Non-wind renewables voice support for PTC modification
Representatives of the biomass, hydropower, geothermal and waste-to-energy industries wrote President Obama applauding his support for the PTC.
Unlike wind, which loses access to the PTC at the end of this year without an extension from Congress, those industries retain access through next year. But they say the structure of the credit, which requires projects to be fully operational before developers can claim it, still means that new development will be depressed next year.
Representatives of the Biomass Power Association, Energy Recovery Council, National Hydropower Association and Geothermal Energy Association are throwing their support behind a modification to the credit’s eligibility requirement championed by Sen. Chuck Grassley (R-Iowa) and endorsed earlier this year by the Senate Finance Committee. That change, which wind supporters also are lobbying for, makes eligible any projects that begin construction by the end of next year (E&E Daily, Dec. 10).
“The Finance Committee recognized that many renewable power projects are unable to move forward because developers and investors are concerned that those projects cannot be completed before the renewable electricity production credit expires,” the trade association leaders write in a Dec. 7 letter to Obama. “This is particularly true in the case of biomass, hydropower, geothermal and waste-to-energy facilities, which have longer development, permitting and construction timelines than do wind energy facilities.”
House Republicans are seen as the main impediment to the Finance Committee language making it into law. An extension of the PTC and other so-called tax extenders is expected to be included in a “fiscal cliff” bill being negotiated between Obama and House Speaker John Boehner (R-Ohio). But lobbyists working the issue say House Republicans are wary of the higher cost that goes along with the Finance modification. The Joint Committee on Taxation estimates it would cost about $12 billion over the next decade.
Grassley said he has all five members of Iowa’s House delegation, two Republicans and three Democrats, on board with his modification to the PTC requirements. He said he lobbies other House members “only as I see them” but doesn’t “seek specific ones out.” He declined to name any other members he has persuaded to support the change.
Bob Cleaves, president and CEO of the Biomass Power Association, says the decision to send the letter to the president was part of an “all hands on deck” approach to “communicate with both our supporters and the folks who need to come around” on supporting an extension.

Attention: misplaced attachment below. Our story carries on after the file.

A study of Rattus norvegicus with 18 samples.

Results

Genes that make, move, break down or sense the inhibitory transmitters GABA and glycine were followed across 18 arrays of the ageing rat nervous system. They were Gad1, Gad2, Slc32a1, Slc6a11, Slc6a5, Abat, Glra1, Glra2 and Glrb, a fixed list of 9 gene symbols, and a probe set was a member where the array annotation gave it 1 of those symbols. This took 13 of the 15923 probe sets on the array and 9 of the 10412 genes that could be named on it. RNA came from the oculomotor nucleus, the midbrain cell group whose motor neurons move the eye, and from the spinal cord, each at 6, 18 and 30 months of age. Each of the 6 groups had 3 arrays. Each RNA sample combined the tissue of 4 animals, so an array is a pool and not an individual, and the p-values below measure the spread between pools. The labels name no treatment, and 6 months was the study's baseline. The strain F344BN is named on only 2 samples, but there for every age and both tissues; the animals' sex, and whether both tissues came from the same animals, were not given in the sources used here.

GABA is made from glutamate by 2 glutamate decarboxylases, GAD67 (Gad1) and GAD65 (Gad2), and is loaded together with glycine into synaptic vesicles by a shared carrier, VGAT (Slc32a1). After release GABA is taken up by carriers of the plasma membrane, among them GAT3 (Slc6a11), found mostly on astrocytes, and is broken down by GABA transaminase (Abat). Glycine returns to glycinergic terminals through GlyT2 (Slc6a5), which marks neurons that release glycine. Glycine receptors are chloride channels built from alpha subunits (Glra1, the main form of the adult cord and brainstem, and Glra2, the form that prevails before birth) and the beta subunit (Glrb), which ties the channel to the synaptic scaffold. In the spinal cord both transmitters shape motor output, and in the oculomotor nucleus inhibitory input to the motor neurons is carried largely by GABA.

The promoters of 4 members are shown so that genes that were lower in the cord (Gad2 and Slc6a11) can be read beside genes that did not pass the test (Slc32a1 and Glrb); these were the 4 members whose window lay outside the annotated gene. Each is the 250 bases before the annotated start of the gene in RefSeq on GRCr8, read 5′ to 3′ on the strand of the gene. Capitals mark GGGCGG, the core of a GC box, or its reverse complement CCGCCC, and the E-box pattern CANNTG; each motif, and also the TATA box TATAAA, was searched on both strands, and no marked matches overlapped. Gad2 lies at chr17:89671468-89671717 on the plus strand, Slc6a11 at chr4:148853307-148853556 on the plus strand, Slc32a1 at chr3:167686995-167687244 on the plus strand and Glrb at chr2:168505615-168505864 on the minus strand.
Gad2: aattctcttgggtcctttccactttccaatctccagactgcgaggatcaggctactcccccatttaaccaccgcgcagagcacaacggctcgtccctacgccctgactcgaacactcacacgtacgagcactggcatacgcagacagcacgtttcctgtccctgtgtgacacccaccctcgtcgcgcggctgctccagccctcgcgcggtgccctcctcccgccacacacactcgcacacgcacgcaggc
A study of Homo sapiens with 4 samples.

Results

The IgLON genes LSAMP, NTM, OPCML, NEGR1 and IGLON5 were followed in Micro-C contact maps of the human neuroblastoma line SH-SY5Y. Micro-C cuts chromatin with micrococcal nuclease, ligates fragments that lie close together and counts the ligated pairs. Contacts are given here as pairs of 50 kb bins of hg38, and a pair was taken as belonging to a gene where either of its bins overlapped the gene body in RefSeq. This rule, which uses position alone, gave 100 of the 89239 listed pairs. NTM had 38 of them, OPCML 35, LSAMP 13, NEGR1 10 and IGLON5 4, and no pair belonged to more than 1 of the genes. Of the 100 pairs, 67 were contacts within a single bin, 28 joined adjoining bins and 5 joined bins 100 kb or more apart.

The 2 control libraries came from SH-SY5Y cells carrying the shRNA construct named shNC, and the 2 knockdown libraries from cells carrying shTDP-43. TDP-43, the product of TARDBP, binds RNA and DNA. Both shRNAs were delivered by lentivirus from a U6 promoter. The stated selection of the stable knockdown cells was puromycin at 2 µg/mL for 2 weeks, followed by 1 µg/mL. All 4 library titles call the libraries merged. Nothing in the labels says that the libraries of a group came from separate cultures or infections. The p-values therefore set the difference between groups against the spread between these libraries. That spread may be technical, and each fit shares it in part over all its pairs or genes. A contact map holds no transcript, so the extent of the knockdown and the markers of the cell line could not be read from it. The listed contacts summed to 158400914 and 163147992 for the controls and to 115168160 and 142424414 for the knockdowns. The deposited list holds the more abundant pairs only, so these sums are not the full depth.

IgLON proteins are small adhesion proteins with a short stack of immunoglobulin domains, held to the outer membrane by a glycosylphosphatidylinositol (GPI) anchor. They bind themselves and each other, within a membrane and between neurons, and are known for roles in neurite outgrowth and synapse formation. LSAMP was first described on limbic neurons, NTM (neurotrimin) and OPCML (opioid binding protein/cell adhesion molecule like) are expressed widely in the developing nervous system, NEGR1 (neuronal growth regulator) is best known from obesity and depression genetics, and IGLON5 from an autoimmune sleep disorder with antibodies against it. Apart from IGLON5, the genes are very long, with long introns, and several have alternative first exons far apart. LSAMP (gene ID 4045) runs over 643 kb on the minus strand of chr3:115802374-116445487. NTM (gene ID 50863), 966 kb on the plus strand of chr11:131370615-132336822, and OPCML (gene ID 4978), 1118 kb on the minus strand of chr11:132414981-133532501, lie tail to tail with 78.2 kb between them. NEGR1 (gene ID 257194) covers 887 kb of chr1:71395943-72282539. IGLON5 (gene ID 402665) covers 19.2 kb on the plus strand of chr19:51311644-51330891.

The importance of base-load renewable sources, which provide steady electricity supplies unlike intermittent sources like wind, is “getting lost in a much stronger chorus of discussion around the wind PTC,” Cleaves said in an interview yesterday.
Biomass has about 2,025 megawatts of installed capacity. Cleaves pointed to three projects completed in recent years — two 100 MW plants in Florida and Texas and a 75 MW facility in New Hampshire — that “wouldn’t have happened without the benefits” of the PTC. It takes four to five years to get a biomass facility up and running, Cleaves said, so activity already has sharply declined in the industry well ahead of next year’s deadline.
Over the longer term, Cleaves said his industry would lobby for a longer-term extension of the credit and incentive parity with wind.
Open-loop biomass, geothermal and waste-to-energy projects get 1.1 cents per kilowatt-hour from the PTC, whereas wind, geothermal and closed-loop biomass get 2.2 cents per kWh. Open-loop biomass uses recycled waste from agriculture, forestry or other activities as a feedstock, whereas closed-loop biomass relies on plants grown exclusively for use in the facility, according to the Congressional Research Service.
The hydro industry also has seen activity decline because of PTC uncertainty, said Matthew Nocella of the National Hydropower Association. He said an informal survey of the association’s members revealed close to two-dozen projects — comprising about $500 million worth of investment — are in limbo pending a change to the PTC.
Because certain hydro projects were made eligible for the PTC in the 2005 energy bill, more than 100 projects, such as upgrades to existing dams, have been completed, and those have produced about 1.5 million megawatt-hours, enough to power roughly 145,000 homes for a year, Nocella said.